Wine List Once-Over: Bacio Rosso

Wait...there's wine at the new tented extravaganza in Queen Elizabeth Park?

November 2, 2018

By Neal McLennan / Photo: Tourism Vancouver

The Theme: Well let’s start with the theme of the event, shall we? It’s Moulin Rouge (which is French) meets Cabaret (which is German, no) but the food is Italian (by La Quercia’s Adam Pegg, who somehow serves a lovely Vitello Tonnato to a very large audience). The wine?  International, with an emphasis towards Italy. And I should note large parts of the show are interactive so if you’re an uptight WASP like me, wine is a necessity not an option.

The First Impression: It’s a small list (just 15 bottles) for a restaurant but really quite large for a production like this. I can’t recall ever getting this sort of selection at a Cirque de Soleil production.

The Steal: This is insane. Normally when you’re a captive audience like this you get absolutely pillaged with bad selection and high prices, but some saint has decided to reverse both trends here. My eyes were first drawn to the Checkmate End Game Merlot, from Anthony von Mandl’s relatively rare high end Oliver winery. This bottle is $85 at the winery and it’s only $119 here? Is this a mistake? It’s not, because then I see von Mandl’s amazing Martin’s Lane Simes Vineyard Riesling and it’s likewise less than double: $95, for a $55 wine. And lest you think von Mandl is underwriting the production, the Chateau Clarke 2010 (wrongly described on the list as Edmond de Rothschild, who’s the owner) is $99 for a $46 wine and the Fontanafredda Barolo is only $82 for a $40 wine. The Ferrari Trento Brut is $60 for a $30 wine. Crazy.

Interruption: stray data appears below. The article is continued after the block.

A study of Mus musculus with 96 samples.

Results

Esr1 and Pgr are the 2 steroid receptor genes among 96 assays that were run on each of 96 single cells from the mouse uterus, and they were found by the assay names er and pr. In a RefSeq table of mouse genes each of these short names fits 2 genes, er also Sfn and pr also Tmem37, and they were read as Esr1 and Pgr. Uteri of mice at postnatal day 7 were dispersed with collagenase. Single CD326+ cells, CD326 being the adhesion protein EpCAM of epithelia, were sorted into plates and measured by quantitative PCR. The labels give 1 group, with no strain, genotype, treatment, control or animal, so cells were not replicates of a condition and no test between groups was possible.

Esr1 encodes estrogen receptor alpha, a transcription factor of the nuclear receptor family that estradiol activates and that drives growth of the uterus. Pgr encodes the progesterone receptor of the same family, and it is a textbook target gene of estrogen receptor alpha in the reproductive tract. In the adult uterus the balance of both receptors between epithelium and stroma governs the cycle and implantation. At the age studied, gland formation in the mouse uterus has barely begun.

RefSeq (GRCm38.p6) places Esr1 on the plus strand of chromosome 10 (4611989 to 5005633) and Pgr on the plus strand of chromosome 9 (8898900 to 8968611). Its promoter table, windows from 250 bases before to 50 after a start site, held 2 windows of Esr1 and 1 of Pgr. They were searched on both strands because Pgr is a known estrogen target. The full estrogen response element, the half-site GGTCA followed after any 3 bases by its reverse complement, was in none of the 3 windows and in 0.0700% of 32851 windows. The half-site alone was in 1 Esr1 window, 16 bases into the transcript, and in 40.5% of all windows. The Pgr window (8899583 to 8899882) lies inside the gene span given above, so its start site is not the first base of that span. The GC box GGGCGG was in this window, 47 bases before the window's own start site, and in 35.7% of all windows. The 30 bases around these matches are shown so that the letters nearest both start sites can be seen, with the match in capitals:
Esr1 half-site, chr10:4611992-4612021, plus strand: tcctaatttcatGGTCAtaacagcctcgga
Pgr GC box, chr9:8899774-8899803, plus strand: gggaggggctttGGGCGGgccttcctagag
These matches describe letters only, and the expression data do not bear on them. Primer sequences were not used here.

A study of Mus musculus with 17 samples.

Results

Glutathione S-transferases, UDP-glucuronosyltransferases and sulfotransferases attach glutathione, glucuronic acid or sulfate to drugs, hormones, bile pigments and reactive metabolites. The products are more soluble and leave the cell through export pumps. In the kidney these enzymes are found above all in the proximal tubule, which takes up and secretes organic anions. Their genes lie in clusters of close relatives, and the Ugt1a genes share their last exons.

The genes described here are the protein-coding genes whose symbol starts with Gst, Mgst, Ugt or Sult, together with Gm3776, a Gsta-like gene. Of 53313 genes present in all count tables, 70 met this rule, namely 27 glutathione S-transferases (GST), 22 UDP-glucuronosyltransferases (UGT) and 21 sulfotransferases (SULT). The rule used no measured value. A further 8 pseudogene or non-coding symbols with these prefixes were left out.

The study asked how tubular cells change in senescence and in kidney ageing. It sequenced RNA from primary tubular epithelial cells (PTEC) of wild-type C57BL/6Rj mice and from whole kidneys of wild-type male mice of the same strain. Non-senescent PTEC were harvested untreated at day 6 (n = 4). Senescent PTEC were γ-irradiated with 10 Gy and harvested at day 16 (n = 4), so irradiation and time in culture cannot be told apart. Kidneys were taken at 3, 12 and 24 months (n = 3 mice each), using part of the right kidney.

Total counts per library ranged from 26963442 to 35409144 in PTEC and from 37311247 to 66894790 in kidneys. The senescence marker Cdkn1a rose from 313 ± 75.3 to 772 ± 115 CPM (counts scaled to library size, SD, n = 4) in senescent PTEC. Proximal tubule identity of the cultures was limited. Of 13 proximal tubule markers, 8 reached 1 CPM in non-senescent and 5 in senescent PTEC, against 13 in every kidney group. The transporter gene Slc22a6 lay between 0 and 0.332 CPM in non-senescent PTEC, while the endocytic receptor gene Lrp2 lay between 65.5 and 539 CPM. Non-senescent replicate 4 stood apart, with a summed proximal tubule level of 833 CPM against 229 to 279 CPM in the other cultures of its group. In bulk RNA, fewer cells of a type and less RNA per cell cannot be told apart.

The Not-So-Much: As you go lower in the list the markups become more standard—but standard by restaurant standards, which makes them still very well priced by event standards. The lovely Briccotondo Barbera by Fontanafredda is $49 for a $19 bottle of wine.

Cool-Factor Bottle: This isn’t exactly wine geek territory, but even those von Mandl bottles are pretty inspired choices. And likewise, choosing the Canard Duchene Cuvee Leonie over Veuve, Moet or a more recognizable name as your champagne ($129 for a $60 bottle) shows some balls.

The Head-Scratcher: Just the prices—seriously, who would ever expect less than a 2x mark-up at such an event. The absolute best sort of head scratcher.

The Grade: A+ for effort, A- for selection. I’m never going to be happy paying $14 for a glass of overly warm Jackson-Triggs again.